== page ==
Boot Camp Blast

Week 3 - Fat FRIENDLY

Introduction: Good vs. Bad Fat, why do we need fat? Fat consumed in food serves many important roles. Fat (aka lipids) maintains body temperature, is a major source of energy and important transporter of fat soluble vitamins A, E, D, K. Fatty acids which come from metabolized fat form fatty tissue (body fat), regulate inflammation (the body’s response to harmful stimuli), insulin response (utilization of CHO fuel) and neurological functions (strength, coordination, reflexes). As you can see, dietary fat is essential to health and physical performance. For athletes, fat serves as a primary source of fuel during light to moderate intensity exercise however, carbohydrate must be present in order for the body to utilize fat fuel reserves. In other words, the balance of nutrients in your diet is essential to fuel optimal performance. In this module, participants learn about the differences between good vs. bad fat and how much they need to fuel their individual sport/activity.

Background: Quite frankly fat tastes really good however, the type of fat and quantity consumed determines if it is “good” for an athlete or detrimental. How your body utilizes the fat consumed in food is very complex. For this reason, we will limit the technical information provided in this module and focus mainly on dietary recommendations and food sources so you can begin to choose dietary fats which support your performance goals.

Fat Facts: Dietary fat is broken down into triglycerides. A triglyceride is made of 3 fatty acids, a glycerol backbone and is found in your blood stream. There are 3 types of fatty acids; saturated, monounsaturated and polyunsaturated and they perform differently in the body. Saturated fatty acids (SFA’s) are found in coconut/palm oils, butter, and meat fat. SFA’s fuel energy, provide cellular structural integrity, are essential for normal functioning of some proteins and needed in “small” amounts. Monounsaturated fatty acids (MUFA’s) found in olive oil, avocado, nuts are important for brain health, reduce cholesterol levels, and are touted to reduce belly fat. Polyunsaturated fatty acids (PUFA’s) are found in corn, soy, fish oils, nuts, legumes and play a major role in hormonal function, smooth muscle contractions, and inflammatory response. Two essential PUFA’s are linoleic and a-linolenic acid. These fatty acids are unique because your body can’t make them, they must come from food. Additionally, PUFA’s eicosapentaenoic (EPA) and docosahexaenoic acids (DHA) are major inflammatory reducer’s which are essential to health, especially for athletes whom train regularly. Omega 3 FA may improve endurance and recovery however, more research is needed to support this hypothesis.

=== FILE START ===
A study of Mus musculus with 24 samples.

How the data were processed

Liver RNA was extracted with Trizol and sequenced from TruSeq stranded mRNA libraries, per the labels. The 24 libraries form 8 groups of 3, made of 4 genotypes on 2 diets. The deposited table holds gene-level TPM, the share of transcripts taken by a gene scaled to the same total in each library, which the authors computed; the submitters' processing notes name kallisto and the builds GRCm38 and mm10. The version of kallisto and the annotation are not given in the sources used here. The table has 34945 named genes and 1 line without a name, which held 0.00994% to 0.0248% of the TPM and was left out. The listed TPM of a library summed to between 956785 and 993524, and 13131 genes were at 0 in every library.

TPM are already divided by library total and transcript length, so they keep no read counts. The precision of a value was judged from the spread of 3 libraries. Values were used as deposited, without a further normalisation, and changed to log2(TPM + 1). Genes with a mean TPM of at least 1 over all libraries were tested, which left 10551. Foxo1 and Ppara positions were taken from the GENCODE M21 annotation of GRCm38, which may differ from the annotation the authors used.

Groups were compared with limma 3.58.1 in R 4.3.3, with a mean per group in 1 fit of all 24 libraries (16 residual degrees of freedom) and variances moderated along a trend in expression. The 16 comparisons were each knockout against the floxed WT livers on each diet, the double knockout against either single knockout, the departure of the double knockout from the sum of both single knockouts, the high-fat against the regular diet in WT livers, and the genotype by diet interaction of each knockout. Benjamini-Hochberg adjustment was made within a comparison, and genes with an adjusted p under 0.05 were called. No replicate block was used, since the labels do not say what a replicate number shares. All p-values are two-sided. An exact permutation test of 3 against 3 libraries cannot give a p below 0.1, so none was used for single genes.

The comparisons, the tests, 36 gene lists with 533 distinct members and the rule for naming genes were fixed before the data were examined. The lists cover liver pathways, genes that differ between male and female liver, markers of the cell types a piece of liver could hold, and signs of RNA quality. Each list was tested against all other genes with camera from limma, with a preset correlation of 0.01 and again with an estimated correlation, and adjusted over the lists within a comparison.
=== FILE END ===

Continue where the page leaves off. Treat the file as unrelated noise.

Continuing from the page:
Week Three Summary

Focus:

  • Review total fat (TF), saturated fat (SF), MUFA, PUFA (linoleic/alpha-linolenic, Omega 3 EPA:DHA) intake results from week 1 food log

(We encourage participants to continue to log food into the USDA SuperTracker 3 to 4 days each week to evaluate changes and make adjustments)

  • Calculate TF, SF fueling requirements based on individual sport/activity

  • Learn about Fat FRIENDLY anti-inflammatory food sources

Challenge:

  • Meet TF, SF, linoleic/a-linolenic, Omega 3 EPA:DHA goals within 5 to 10% of recommended range.

Connect:

  • To connect with us, follow us on Instagram. Direct message (DM) us for general questions about the Nutrition Basic Training program.  .  

Coach:

  • Individual coaching is available upon completion of this Nutrition Basic Training Program. Please eMail a brief note regarding the coaching or culinary service you are requesting.

Communications

Fat FRIENDLY Detailed Instruction

This week each participate will complete 4 steps. First you will detect imbalances in TF, SF, linoleic /          a-linolenic acids, Omega 3 EPA: DHA then begin to modify diet based on SportFit recommendations.

Week 3 Tip: Use the information in this module to improve your nutritional fitness. While fat has gotten a bad rap in the press, omega fats are essential to your health and well-being. Take time this week to think about the fat in your diet and begin transition toward healthier options one step at a time. If you need support contact us!